Strapped in a harness, Nikole Boggs is suspended a few inches from the ground in a position more commonly associated with flying superheroes.
“I’ve been in here for, like, two and a half hours,” she says, gently swaying in the middle of a wooden frame. “It’s pretty comfortable.”
The mechanical engineering student has been working with her team on a device for a 7-year-old girl with cerebral palsy. The device, called a walk harness lifting frame, was one of several projects on display Friday at this year’s Engineering Project Expo. The annual expo highlights over 200 individual and team projects, many of which seek to benefit people with physical challenges.
During the expo, students interact with project sponsors, faculty and other students, sharing information about their process and the final result. The lifting frame, for example, pairs with a harness designed by biomedical engineering students. The disabled girl will be able to pull her wheelchair up to the frame while strapped into the harness. From there she will be able to hook her harness to frame cables that will lift her into an upright position.
“She has little control over her arms and legs, but she is able to move them,” Boggs said. “So, with a harness that the BMED team makes, she should be able to learn how to walk.”
The wood frame is a prototype, which will be replaced by one made of fiberglass and composites. And, hopefully, the team will see the girl try it out when they return in the fall.
“This is what we’ve been working for,” said Wyatt Salinas.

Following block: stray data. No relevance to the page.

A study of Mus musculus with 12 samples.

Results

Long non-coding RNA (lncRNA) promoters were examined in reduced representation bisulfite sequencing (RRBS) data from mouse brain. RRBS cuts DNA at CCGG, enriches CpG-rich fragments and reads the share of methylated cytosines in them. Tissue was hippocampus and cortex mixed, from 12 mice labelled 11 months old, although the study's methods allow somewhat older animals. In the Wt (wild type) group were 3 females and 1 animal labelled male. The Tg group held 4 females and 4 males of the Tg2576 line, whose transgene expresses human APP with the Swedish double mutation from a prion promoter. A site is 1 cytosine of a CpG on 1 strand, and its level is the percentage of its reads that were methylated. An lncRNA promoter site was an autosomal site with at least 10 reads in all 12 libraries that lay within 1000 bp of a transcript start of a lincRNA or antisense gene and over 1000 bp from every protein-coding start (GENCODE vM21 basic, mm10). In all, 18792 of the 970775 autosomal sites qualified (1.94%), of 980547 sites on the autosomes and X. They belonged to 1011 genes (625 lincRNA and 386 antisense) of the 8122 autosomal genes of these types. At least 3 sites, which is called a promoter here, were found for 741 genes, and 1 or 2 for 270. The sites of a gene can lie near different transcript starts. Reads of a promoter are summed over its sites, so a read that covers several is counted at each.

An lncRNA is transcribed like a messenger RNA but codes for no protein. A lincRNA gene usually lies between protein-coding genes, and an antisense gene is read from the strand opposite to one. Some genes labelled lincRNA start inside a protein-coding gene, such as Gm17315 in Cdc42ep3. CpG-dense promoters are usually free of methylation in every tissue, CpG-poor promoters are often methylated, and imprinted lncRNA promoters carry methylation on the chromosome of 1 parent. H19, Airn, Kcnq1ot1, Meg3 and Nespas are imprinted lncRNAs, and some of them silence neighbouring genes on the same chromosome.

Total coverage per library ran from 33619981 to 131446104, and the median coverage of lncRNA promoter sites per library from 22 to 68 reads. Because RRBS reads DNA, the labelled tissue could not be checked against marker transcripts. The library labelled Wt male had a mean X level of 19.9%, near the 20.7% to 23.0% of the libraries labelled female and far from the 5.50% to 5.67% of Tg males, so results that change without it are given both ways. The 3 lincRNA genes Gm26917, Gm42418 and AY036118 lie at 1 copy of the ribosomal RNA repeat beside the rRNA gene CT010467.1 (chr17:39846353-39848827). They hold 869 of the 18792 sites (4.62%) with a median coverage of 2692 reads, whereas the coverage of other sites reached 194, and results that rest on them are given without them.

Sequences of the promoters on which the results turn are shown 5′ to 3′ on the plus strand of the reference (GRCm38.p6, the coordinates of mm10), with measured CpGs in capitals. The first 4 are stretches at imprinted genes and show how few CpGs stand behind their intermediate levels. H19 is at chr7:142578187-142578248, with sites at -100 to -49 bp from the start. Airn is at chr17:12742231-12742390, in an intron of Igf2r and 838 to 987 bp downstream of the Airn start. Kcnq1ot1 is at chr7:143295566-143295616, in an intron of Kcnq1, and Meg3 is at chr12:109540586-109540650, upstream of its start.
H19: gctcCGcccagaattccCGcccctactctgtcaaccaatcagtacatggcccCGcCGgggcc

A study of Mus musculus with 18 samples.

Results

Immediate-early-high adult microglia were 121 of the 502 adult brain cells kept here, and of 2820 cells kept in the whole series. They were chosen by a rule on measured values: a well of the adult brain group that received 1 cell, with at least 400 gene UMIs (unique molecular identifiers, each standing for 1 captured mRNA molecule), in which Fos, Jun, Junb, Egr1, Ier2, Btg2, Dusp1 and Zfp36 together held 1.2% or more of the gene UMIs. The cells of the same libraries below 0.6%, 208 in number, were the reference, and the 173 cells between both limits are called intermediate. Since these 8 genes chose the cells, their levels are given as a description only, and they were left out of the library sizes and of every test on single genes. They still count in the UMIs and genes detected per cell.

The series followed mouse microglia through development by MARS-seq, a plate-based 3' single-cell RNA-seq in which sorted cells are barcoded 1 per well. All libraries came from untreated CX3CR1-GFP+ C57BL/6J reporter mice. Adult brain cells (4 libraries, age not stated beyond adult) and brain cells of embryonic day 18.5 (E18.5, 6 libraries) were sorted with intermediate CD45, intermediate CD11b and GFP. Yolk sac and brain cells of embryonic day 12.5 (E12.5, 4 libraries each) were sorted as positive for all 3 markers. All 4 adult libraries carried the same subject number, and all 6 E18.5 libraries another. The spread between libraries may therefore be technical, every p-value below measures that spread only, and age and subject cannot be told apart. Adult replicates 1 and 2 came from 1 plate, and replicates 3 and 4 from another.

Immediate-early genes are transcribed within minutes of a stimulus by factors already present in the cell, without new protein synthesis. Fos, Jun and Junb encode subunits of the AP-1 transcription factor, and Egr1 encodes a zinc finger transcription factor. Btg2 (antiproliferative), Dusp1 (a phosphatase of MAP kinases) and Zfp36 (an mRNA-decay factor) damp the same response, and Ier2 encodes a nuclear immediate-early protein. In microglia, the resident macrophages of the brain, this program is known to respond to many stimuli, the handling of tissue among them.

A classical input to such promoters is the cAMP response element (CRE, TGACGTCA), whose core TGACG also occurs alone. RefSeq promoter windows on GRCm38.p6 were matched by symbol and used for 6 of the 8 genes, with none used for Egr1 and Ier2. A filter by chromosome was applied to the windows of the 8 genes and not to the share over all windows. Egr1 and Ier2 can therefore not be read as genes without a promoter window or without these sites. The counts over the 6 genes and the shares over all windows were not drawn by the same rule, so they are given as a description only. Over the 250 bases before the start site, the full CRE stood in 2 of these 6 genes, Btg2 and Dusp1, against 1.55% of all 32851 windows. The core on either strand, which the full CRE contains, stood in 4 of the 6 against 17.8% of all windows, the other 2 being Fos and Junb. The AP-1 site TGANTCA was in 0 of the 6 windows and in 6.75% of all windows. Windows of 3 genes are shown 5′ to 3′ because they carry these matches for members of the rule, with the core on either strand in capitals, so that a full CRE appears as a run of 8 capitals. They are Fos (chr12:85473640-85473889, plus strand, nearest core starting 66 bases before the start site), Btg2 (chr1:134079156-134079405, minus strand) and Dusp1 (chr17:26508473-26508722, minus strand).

Multiple projects aimed at people with disabilities involved surfing. One team designed and created a prosthetic limb for amputee surfers, while another created a device that would allow wheelchair users to use a paddle board. Yet another team created a board with a motor, which will be presented to local non-profit AmpSurf.
That team, calling itself the Motorized Mavericks, designed a board that would help the AmpSurf instructors who teach individuals with disabilities how to surf.
“Usually, the instructor and the student or participant are on the board together,” explained Lauren Jensen.
But the weight of two people makes it difficult to paddle a board into oncoming waves. So their powered surfboard allows the instructors a remote-operated boost.
The Motorized Mavericks includes students from several majors, including mechanical, electrical and general engineering.
Jensen, a mechanical engineering student, said the individual team members worked on all aspects as opposed to dividing tasks based on area of expertise.
“It was fun to do everything together and learn from the different disciplines,” she said.
Not every project on display was designed for an individual with disabilities. Others included an electric wind farm, the hydraulics used for Cal Poly’s Rose Parade float and Marvin, the JPL Open Source Rover, designed by a team of electrical engineering students.
“We want to take this to local high schools and middle schools,” said Salvador Cortes Soancatl. “They can get motivated in the space industry and space in general.”
Their rover, named Marvin, is a nod to NASA’s Mars rover – and a nice visual example of how electrical engineers can equip a robot with solar power. With several recent space initiatives garnering the public’s fascination and more on the way, taking Marvin to schools is not only educational but also timely.
“There’s a lot of talk about NASA’s next 2020 rover mission,” Soancatl said. “So we want to get that hype started again.”